GOP Nevada attorney general nominee took $10,000 contribution from accused arms smuggler


Republican Sigal Chattah accepted the maximum allowable campaign contribution from Curtis Debord, now sales director for a Nevada arms manufacturer, who was indicted for trafficking illegal weapons in the late 1990s.

Sigal Chattah, the Republican nominee to be Nevada's top law enforcement officer, counts the director of sales at a weapons manufacturer who was charged in the late 1990s with the illegal importation and sale of arms and weapons among her donors, according to campaign finance records reviewed by the American Independent Foundation.

Chattah, a Las Vegas attorney who in June won the GOP nomination to run for attorney general against Democratic incumbent Aaron Ford, accepted $10,000 from Curtis Debord, who works for U.S. Ordnance, a defense contractor that manufactures "military small arms, machine guns and replacement parts" sold to buyers both in the United States and abroad.

As part of a sting operation carried out by U.S. Customs and Border Protection in the late 1990s, Debord and another man were charged in 1997 with conspiracy to illegally smuggle $5 million worth of weapons and weapons parts from Vietnam into the United States. They were later charged with selling firearms without a license and witness tampering.

In 2005, the indictment was dismissed on the grounds that the men's right to a speedy trial had been violated.

In an interview with the American Independent Foundation, Chattah noted that Debord was not convicted on any of the charges brought against him.

"Mr. Debord is a patriot and continues to supply weapons and defense systems to the United States military," Chattah said. "I will not be returning any campaign contributions from Mr. Debord, and on the contrary, as a company that provides for U.S. defense systems from the state of Nevada, I'm proud that our state has a business that can contribute to the defense of the United States."

Chattah, for her part, has made crime the focus of her campaign.

She's railed against criminal justice reform efforts and falsely accused Ford of responsibility for an increase crime in the state. According to the Nevada Independent, violent crime is actually down since Ford took office in 2018.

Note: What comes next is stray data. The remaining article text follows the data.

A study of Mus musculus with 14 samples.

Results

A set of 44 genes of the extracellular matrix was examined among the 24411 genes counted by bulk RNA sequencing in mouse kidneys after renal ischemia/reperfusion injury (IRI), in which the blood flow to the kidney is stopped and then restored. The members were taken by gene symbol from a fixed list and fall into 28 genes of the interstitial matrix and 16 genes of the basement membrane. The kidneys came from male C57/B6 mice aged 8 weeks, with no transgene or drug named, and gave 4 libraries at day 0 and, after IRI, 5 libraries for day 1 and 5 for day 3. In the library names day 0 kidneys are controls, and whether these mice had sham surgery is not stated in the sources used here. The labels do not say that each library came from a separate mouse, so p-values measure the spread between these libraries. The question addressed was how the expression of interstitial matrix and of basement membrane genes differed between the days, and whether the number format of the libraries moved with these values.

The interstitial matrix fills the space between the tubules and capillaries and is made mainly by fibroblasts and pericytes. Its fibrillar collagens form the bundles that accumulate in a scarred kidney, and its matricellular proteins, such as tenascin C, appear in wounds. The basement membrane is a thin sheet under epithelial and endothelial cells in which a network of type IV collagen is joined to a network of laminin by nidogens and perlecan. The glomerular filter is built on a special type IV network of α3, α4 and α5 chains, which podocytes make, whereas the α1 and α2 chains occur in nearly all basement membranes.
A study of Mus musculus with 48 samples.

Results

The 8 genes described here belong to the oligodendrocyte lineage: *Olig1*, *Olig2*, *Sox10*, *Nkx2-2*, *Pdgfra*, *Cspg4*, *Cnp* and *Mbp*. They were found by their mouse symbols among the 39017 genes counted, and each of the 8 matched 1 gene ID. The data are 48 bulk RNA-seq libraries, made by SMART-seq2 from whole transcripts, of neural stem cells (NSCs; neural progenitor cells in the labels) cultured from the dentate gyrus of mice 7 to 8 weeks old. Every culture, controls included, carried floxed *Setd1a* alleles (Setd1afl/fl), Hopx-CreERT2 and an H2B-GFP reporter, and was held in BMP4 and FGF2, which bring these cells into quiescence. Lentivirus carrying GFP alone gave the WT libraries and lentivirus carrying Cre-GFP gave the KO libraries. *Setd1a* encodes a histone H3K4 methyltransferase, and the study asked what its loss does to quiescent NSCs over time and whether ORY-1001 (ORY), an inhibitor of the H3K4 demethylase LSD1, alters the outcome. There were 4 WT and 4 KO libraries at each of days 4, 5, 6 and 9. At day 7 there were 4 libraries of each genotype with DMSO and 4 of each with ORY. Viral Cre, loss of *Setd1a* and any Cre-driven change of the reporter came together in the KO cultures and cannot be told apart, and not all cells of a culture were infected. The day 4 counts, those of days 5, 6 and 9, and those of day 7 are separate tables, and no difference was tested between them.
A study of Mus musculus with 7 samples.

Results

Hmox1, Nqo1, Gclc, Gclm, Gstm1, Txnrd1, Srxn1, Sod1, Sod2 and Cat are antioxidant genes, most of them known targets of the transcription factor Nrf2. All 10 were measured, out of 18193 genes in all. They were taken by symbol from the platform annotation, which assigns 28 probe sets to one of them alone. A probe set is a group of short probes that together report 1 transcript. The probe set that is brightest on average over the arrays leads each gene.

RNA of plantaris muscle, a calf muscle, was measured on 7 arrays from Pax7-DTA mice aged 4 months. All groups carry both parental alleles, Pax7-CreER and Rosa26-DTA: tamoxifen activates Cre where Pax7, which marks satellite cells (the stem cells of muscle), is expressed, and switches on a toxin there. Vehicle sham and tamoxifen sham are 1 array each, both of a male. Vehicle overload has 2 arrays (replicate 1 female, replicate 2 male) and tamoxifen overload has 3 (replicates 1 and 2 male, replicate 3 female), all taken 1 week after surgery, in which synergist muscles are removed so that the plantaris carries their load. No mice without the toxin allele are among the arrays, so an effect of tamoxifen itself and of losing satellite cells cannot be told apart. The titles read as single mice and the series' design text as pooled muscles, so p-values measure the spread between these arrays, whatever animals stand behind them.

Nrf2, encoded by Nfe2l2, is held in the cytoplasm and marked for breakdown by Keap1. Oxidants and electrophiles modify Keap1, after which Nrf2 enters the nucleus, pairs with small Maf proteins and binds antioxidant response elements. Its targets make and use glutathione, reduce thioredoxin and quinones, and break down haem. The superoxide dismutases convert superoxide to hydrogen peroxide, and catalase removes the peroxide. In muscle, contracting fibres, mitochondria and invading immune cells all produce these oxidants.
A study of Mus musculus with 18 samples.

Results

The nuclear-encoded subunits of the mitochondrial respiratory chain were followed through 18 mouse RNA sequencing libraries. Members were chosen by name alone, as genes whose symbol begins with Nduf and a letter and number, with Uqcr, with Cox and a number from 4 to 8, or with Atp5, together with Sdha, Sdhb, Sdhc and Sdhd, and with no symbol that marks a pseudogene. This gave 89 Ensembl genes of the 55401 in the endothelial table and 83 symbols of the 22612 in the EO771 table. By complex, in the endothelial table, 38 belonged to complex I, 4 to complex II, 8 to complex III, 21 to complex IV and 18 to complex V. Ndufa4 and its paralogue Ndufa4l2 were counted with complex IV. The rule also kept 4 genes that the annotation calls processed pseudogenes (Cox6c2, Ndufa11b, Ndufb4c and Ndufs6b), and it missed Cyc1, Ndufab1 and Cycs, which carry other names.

Chattah rose to prominence in Nevada after she began filing lawsuits against Democratic Gov. Steve Sisolak over COVID-19 mitigation efforts. She called them unconstitutional and something that carried out by a "totalitarian regime."

In a comment she later claimed was "tongue-in-cheek" and "just part of my vernacular" as an immigrant from the Middle East, Chattah said in a message to a friend later published by that friend that Ford, who is Black, "should be hanging from a fucking crane."

Some prominent Republicans in the state, including former state Senate Majority Leader Michael Roberson and former Nevada GOP Chair Amy Tarkanian, have endorsed Ford's bid.

Roberson called Chattah "unhinged," while Tarkanian said Chattah is "an unprepared, dangerous candidate who lacks the experience, foresight, and temperament to be able to do right by Nevadans."

Ford has said he won't debate Chattah, as he does not want to be in the same room with her.

"I am not standing in the room with her," Ford said. "I will not endeavor to have a conversation with her and I will certainly not be debating her. I am not going to spend much more time on this, except to say where I'm from, threatening to lynch someone, especially a black person, is racist."

This story has been updated with a comment from Chattah.

Published with permission of The American Independent Foundation.